Damage to the T-tail of the Virgin ATR
Damage to the T-tail of the Virgin Australia ATR

If it had crashed on February 20, 2014 when it was 47 kilometres WSW of Sydney Airport, a Virgin Australia ATR 72 would have become the worst airline disaster in Australian history.

A second ATSB interim report released today into the state of that 68 passenger aircraft, which was approaching the end of its flight from Canberra, says the inadvertent actions of its two pilots could have catastrophically damaged its airframe faster than they could have recognized and corrected their mistakes.

Over that part of western Sydney the flight could have plunged onto a major motorway, or a retail centre or housing estate if not open ground.

Wherever it might have come down, it would have been instant carnage, all over the evening news, all because its because two pilots accidentally applied opposite pitch inputs to raise or lower the nose of the aircraft, with sufficient force to break critical parts of its tail control surfaces.

But the Virgin ATR not only safely completed its flight, albeit with serious leg injury to a cabin attendant, but went on to fly up 13 more sectors over five days before it was grounded in a manifestly unairworthy state at Albury Wodonga.

That astonishing lapse of oversight and maintenance procedures is the subject of the on going inquiry by the ATSB.

Today’s second interim report says that the turbo-prop was at risk of a catastrophic failure of its airframe from the moment the initial incident occurred. It says tests showed that the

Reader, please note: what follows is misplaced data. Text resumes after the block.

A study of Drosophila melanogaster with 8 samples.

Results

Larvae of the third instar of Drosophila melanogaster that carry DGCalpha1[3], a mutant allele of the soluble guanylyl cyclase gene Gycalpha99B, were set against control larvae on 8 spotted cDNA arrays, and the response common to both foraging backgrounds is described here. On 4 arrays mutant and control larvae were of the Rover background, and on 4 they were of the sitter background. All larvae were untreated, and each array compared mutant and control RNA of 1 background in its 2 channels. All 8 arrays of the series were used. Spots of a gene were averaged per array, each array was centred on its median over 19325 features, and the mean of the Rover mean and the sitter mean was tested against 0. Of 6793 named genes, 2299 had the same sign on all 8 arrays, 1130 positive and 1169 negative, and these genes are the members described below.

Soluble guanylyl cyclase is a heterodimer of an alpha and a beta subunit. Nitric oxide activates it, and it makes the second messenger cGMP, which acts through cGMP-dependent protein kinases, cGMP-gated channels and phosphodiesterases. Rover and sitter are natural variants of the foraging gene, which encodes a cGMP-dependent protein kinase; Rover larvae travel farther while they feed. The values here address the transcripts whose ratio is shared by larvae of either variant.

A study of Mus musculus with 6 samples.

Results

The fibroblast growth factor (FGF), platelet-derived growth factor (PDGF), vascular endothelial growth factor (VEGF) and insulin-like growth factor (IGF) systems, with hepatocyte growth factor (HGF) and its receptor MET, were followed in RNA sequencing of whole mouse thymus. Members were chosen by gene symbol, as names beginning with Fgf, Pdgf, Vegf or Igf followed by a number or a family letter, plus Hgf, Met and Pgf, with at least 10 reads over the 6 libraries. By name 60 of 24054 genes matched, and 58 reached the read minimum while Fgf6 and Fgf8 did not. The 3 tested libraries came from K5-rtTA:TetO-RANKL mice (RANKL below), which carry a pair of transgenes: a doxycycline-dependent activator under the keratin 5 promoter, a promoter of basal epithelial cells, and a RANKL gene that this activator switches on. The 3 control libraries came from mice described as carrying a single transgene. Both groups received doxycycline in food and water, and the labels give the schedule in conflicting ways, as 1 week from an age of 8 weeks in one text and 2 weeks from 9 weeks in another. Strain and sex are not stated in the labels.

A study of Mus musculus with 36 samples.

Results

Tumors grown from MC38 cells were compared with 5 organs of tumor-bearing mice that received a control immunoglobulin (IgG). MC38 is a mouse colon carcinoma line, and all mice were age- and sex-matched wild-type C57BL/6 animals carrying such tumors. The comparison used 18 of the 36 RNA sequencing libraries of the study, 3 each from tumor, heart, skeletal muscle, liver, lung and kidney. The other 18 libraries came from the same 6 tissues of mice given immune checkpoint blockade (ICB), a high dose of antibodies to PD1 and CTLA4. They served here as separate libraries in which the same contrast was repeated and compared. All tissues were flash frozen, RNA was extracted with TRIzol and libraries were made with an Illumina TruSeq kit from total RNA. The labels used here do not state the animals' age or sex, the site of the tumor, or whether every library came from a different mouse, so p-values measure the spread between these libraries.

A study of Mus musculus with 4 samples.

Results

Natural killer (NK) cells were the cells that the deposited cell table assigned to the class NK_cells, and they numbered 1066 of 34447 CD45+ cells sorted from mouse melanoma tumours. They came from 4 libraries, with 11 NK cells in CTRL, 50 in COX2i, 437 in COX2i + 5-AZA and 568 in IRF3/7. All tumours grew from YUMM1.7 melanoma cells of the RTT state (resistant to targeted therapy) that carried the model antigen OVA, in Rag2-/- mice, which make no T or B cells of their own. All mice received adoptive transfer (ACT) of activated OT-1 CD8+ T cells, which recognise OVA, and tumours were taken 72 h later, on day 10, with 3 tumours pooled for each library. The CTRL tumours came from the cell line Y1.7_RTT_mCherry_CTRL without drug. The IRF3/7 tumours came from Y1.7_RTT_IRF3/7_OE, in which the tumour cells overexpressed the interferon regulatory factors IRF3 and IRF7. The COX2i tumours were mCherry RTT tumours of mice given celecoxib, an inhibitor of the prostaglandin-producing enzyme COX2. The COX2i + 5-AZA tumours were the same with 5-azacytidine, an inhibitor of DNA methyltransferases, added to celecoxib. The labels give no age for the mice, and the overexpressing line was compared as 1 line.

• vertical load on the horizontal stabiliser was exceeded
  • vertical load on the wing was reached
  • bending moment on the wing was exceeded
  • engine mounts were exceeded.
  • the ultimate load, in terms of the asymmetric moment on the horizontal stabiliser, was exceeded.

The ATSB says it acted today to release an interim report tightly focused on the ‘pitch disconnect event’ because “a safety issue has been identified that, in the interests of safety, needs to be brought to the attention of the industry before the investigation is completed.”

The ATSB is surely referring to the world wide users of this turbo-prop, since the situation with this particular aircraft has been front of mind for Virgin Australia since the first competent investigation of the damaged state of the aircraft was made shortly after it was declared inoperable at Albury airport about six or seven days after the initial incident.

This ATSB report needs to be read in full to understand the gravity of that first incident. To do that it is necessary to go down to the bottom of the page and open the two blue + signs which hide its ‘safety analysis and finding’ and the ‘safety issue and actions’ sections.

Virgin Australia issued this statement this afternoon.

Safety is Virgin Australia’s number one priority and it is important to note that this aircraft landed safely during this event. Following this incident we immediately implemented a number of risk controls over and above the manufacturer’s recommendations. The aircraft manufacturer also conducted a full review of our ATR-72 fleet which found it was safe to continue operations.  This investigation is ongoing and we will comment further upon the release of the final report.

An earlier Plane Talking report encompassing both the initial incident and the deterioration of the airliner to the state where it could not continue to fly after a landing at Albury can be read here.